How are justice and mercy defined, and what are examples of their definitions in literature?


Justice describes the rightness, correctness, or morality of an action, circumstance, or cause. Random House Dictionary gives us the example phrase, "to uphold the justice of a cause," meaning that if we believe in a cause as being correct, such as protecting the environment, then we defend the cause's rightness, correctness, and moral necessity. Justice, however, can also refer to the law in as much as the actions that uphold the law are right, correct, and moral. Finally, we can also use justice to refer to punishment. For example, if someone breaks a law, then we feel it is just, meaning correct, right, and moral, to punish that person in order to correct that person's behavior for the future.

Mercy is especially defined as showing "compassion, pity, or benevolence" towards one who has committed a wrong, meaning showing sincere sympathy, regret, and kindness towards those who have committed a wrong or are suffering (Random House Dictionary). Random House Dictionary gives the example sentence, "Have mercy on the poor sinner," meaning take pity and show kindness towards the sinner, or transgressor.

Victor Hugo's novel Les Misérables is an excellent literary example that portrays definitions of both justice and mercy. In fact, a dominant thesis in Les Misérables is that mercy must be shown in all circumstances and also that mercy stands above the law, or justice. The Bishop of Digne shows the hero of the story, the ex-convict Jean Valjean, mercy when he steals the Bishop's silver, giving him the silver as a gift instead, which enables Valjean to redeem himself and begin a life of generosity and virtue instead. We also see Hugo portray mercy as having a greater value than justice with respect to the character Inspector Javert. Javert is a man who was raised in a prison and grew up believing that the law is the ultimate ruler. Not only that, he believes that criminals are incapable of being anything but criminals, therefore, why show them mercy? However, the criminal Jean Valjean shows Javert, who has been pursuing Valjean to re-arrest him all throughout the novel, mercy when Valjean frees Javert from the French revolutionary insurgents, rather than allowing Javert to be shot as a spy. The result is that later Javert feels compelled to show Valjean equal mercy rather than handing him over to the authorities as a fugitive. However, this shakes every fiber of Javert's being because he has lived his life believing that the law, that justice, is the highest form of morality, but now he is forced to see that mercy can stand above the law and even trump it. As Hugo writes:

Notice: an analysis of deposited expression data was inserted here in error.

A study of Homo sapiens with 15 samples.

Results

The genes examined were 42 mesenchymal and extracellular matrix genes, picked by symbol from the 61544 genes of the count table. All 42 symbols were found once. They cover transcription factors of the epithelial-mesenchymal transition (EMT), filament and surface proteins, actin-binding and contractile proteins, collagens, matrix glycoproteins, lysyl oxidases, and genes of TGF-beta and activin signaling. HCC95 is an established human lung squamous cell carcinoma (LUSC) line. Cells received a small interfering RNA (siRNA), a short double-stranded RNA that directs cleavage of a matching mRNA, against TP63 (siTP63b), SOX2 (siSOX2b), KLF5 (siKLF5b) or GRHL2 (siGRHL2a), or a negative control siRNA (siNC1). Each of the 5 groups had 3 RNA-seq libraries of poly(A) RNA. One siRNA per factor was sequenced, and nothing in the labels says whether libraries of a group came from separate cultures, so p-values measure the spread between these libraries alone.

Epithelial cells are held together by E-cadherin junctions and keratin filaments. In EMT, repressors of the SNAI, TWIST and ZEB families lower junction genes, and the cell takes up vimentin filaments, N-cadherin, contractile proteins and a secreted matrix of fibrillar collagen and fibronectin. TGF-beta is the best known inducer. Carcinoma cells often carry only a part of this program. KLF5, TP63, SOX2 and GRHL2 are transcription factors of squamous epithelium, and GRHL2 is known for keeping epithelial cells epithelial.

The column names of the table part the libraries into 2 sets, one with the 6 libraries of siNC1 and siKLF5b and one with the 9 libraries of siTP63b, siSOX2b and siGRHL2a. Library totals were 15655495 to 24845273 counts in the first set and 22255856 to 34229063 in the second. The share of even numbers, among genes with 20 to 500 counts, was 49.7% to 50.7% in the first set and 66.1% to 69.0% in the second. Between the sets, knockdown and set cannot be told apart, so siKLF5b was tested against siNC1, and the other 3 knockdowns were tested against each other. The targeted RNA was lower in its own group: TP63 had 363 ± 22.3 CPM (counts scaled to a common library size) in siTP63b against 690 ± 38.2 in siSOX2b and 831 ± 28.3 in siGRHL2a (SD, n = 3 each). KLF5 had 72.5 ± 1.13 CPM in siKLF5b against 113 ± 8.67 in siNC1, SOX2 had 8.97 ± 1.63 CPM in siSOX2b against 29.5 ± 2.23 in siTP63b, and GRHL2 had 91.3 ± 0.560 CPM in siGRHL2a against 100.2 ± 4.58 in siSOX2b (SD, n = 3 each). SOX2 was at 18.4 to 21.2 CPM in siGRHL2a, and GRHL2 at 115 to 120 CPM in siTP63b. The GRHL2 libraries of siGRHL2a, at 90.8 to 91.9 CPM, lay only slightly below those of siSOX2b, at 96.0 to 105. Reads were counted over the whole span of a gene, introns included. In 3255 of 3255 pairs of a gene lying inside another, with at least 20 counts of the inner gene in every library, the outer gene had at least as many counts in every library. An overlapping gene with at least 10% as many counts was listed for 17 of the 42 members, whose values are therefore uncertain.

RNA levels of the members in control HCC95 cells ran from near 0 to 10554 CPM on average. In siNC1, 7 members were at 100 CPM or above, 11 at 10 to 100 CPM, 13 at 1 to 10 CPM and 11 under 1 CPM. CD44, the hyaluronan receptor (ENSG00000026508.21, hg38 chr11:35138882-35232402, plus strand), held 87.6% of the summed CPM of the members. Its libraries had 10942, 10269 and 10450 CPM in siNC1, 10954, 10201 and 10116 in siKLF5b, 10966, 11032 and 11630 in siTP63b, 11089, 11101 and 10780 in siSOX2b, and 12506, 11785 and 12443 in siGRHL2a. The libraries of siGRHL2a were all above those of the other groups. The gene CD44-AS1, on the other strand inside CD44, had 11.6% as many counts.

To deliver up Jean Valjean was bad; to leave Jean Valjean at liberty was bad. In the first case, the man of authority fell lower than the man of the galleys, in the second, a convict rose above the law, and set his foot upon it. In both cases, dishonor for him, Javert. (Vol. 5, Bk. 4, Ch. 1)

The result is that Javert commits suicide because he simply cannot live with the notion that something stands above the law, which perfectly portrays Hugo's thesis that mercy stands above justice.